Cuban film “La muerte de un burócrata” (1966, Tomás Gutiérrez Alea) on June 14th at the Palace Theatre

Cuban film “La muerte de un burócrata” (1966, Tomás Gutiérrez Alea) on June 14th at the Palace Theatre

Latin American Cinemateca of Los Angeles

In collaboration with the Los Angeles Conservancy’s Last Remaining Seats film series

Presents the 1966 Cuban dark comedy

La muerte de un burócrata” directed by Tomás Gutiérrez Alea and featuring music by the legendary composer, Leo Brouwer

June 14, 2017 at the Palace Theatre in Downtown L.A.

Vesper Public Relations. Los Angeles, CA. April 2017.  Latin American Cinemateca of Los Angeles (LACLA)  in collaboration with the Los Angeles Conservancy’s Last Remaining Seats film series, will present the Cuban film La muerte de un burócrata (1966, Tomás Gutiérrez Alea) on June 14th at the Palace Theatre in Downtown Los Angeles’ historic theatre district.

This event, a mini film festival experience with beverages, music, special guest Q&A, is co-presented with the Los Angeles Conservancy.

La muerte de un burócrata is centered on the predicament of a hapless nephew (Salvador Wood) to retrieve the ID of his recently deceased uncle, a model worker and inventor. His widow (Silvia Planas) placed it in the coffin, but now needs it, admonished by a bureaucrat that she will not get a pension without this piece of identification.  But the bureaucrat in the cemetery tells him no exhumation is possible without a court order.  A clandestine operation yields the coffin, but the nephew has to wheel it back to their home when the police unexpectedly show up.  (Imagine the depredations of the Caribbean heat on an unrefrigerated cadaver). The farce escalates, the lampooning of recognizable government employees gets more ridiculous, and some sacred cows are turned upside down – like socialist realist art, and the fact that everybody is equal but some are more equal than others

Tomás Gutiérrez Alea was a fervent supporter of the Cuban revolution, but good director that he was, his pictures never toe an overt propaganda line.  They are aligned with the tenets of the regime but at the level of form, they are an artist’s creative take on the medium.  La muerte de un burócrata is a case in point, both in content and style.  Fifty years after it was made, La muerte is still a refreshing, almost post-modern, satire on the plague of bureaucracy … under any type of government and organization.

Gutiérrez Alea uses the conventions of satire to blast the bureaucratic mindset that reduces life to a succession of absurdities, with witty homages to films and directors, in the guise of scenes filmed a variety of comedic styles: the assembly line of Chaplin’s Modern Times, the clock from which Harold Lloyd hangs in Safety Last, Dracula’s fangs, the pie fights of Laurel and Hardy, a scattered and curvaceous Cuban Marilyn Monroe, and surrealist dreams like those of Buñuel. The potpourri works very well, and gets hearty laughs from the audience. By Maria Elena de Las Carreras, Ph.D.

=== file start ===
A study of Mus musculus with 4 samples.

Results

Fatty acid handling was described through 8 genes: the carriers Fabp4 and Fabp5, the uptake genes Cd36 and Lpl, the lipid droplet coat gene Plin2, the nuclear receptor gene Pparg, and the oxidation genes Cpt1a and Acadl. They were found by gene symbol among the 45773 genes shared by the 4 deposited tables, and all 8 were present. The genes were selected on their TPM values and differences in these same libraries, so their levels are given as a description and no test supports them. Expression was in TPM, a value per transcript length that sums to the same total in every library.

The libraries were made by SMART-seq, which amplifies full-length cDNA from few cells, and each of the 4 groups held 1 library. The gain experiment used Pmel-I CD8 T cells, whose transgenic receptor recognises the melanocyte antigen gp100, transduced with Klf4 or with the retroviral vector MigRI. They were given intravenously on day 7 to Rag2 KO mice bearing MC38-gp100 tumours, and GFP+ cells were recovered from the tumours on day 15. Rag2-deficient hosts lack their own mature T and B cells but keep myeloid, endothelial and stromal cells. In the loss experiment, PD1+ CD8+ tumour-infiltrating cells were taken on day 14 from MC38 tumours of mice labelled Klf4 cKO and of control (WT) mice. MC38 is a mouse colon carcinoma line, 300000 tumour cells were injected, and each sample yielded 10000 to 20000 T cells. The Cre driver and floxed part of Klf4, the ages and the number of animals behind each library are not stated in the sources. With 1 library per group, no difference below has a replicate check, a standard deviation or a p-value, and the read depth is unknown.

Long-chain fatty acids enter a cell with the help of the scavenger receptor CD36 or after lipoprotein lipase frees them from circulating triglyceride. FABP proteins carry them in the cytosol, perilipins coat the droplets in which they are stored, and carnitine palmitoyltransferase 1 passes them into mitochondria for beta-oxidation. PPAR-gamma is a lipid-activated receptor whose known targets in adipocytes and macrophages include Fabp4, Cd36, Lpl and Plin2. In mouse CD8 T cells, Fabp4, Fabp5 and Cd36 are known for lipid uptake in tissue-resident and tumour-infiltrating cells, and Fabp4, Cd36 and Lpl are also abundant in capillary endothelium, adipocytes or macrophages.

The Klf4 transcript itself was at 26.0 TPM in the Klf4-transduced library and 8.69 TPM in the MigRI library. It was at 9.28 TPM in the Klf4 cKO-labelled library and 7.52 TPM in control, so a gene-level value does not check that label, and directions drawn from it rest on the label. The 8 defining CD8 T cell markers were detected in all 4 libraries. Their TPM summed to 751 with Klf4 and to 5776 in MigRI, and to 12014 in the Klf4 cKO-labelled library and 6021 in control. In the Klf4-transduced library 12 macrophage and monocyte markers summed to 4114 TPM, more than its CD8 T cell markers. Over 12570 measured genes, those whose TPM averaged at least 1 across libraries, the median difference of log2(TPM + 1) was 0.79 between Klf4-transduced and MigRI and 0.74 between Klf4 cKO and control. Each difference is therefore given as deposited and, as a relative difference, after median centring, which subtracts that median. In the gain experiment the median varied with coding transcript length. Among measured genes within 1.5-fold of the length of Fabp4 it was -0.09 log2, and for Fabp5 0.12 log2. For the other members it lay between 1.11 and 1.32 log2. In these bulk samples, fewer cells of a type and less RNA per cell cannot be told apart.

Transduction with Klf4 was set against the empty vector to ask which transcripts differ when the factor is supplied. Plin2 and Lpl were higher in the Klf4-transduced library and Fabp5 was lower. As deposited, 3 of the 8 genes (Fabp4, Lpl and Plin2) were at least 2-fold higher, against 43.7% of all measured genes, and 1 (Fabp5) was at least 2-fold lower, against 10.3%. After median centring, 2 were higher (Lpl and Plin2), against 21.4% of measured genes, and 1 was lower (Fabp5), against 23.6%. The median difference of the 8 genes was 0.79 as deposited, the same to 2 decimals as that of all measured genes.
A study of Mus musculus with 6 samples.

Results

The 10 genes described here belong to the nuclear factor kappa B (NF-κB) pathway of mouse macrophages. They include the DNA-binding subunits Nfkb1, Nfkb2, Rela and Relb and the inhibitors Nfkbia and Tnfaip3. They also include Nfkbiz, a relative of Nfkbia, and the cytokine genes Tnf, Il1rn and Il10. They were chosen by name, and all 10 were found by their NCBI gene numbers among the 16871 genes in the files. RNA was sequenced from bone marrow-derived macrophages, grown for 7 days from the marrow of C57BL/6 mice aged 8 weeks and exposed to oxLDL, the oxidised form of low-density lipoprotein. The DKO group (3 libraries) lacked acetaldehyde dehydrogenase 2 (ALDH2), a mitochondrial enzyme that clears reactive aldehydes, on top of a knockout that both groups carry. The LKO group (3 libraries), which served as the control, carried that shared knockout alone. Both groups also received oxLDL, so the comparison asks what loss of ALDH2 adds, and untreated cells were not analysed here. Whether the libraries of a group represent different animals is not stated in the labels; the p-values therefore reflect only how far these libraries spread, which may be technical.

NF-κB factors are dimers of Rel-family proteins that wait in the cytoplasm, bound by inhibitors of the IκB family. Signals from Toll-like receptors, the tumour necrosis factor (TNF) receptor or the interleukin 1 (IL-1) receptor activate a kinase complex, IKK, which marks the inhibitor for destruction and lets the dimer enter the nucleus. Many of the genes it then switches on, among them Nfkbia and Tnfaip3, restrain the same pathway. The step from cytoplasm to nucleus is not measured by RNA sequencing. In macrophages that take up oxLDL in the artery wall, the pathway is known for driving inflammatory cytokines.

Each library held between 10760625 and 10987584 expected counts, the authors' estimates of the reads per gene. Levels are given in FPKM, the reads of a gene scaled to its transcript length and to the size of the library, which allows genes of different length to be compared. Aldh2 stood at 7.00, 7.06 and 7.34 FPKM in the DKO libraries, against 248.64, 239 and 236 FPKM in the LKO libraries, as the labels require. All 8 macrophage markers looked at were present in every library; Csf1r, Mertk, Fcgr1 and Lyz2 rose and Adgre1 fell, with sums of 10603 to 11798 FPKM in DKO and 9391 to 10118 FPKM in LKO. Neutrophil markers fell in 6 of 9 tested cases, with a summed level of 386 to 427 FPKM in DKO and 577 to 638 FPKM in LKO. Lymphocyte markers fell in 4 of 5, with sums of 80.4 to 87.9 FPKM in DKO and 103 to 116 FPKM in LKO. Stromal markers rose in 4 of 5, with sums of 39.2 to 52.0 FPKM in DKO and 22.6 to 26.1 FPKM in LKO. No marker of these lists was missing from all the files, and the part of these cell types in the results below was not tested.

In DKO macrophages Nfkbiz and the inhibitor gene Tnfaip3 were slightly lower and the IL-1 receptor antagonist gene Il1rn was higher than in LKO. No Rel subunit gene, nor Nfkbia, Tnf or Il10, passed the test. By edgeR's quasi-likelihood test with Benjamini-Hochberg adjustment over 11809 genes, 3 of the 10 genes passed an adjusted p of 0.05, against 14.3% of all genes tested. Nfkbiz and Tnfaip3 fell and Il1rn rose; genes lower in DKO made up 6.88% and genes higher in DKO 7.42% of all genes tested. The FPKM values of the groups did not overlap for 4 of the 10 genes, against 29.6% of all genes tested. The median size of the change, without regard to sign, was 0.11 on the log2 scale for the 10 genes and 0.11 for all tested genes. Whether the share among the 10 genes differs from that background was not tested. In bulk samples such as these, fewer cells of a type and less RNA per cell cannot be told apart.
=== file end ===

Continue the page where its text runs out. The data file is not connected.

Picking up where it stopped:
Noteworthy to mention, the film features music by the legendary composer, Leo Brouwer, who currently resides in Cuba.

La muerte de un burócrata: Directed by Tomás Gutiérrez Alea. Screenplay by Tomás Gutiérrez Alea. Starring Salvador Wood, Silvia Planas, Manuel Estanillo. Music by Leo Brouwer. Cinematography by Ramón F. Suárez. Edited by Mario González. Produced by Instituto Cubano del Arte e Industrias Cinematográficos. Released July 24, 1966. Running time 85 minutes. Country, Cuba. Language, Spanish.

What: La muerte de un burócrata  the 1966Tomás Gutiérrez Alea film, featuring music by legendary composer Leo Brouwer. Co-presented by LACLA and Los Angeles Conservancy

When: Wednesday, June 14, 2017, 8:00 PM

Where:Palace Theatre – 630 South Broadway | Los Angeles, CA90014 in Downtown Los Angeles’ Historic Theatre District.

Tickets can be purchased through the L.A. Conservancy at the following link.ócrata-palace-theatre

Social Media: #LastRemainingSeats #LaMuerteDeUnBurocrataCuba

Check out the 2017 Last Remaining Seats lineup at the following link.

About LACLA: Latin American Cinemateca of Los Angeles ( LACLA) is a California non-profit organization dedicated to promoting cultural exchange through film by screening classic and contemporary films from Latin America and by USA Latinas and Latinos. LACLA also supports the film and media efforts of Los Angeles inner-city middle and high school students with its annual student film festival.

About Last Remaining Seats: Last Remaining Seats is the Los Angeles Conservancy’s annual series of classic films in historic theatres. The series began in 1987 as a way to draw attention to the spectacular yet overlooked and underused historic theatres of Los Angeles. The film series has since become a summer tradition, drawing thousands of people from the region, the nation, and outside the U.S.

About the Los Angeles Conservancy: The Los Angeles Conservancy is a nonprofit membership organization that works through education and advocacy to recognize, preserve, and revitalize the historic architectural and cultural resources of Los AngelesCounty. What began as a volunteer group in 1978 now has more than 6,000 member households, making the Conservancy the largest local organization of its kind in the U.S.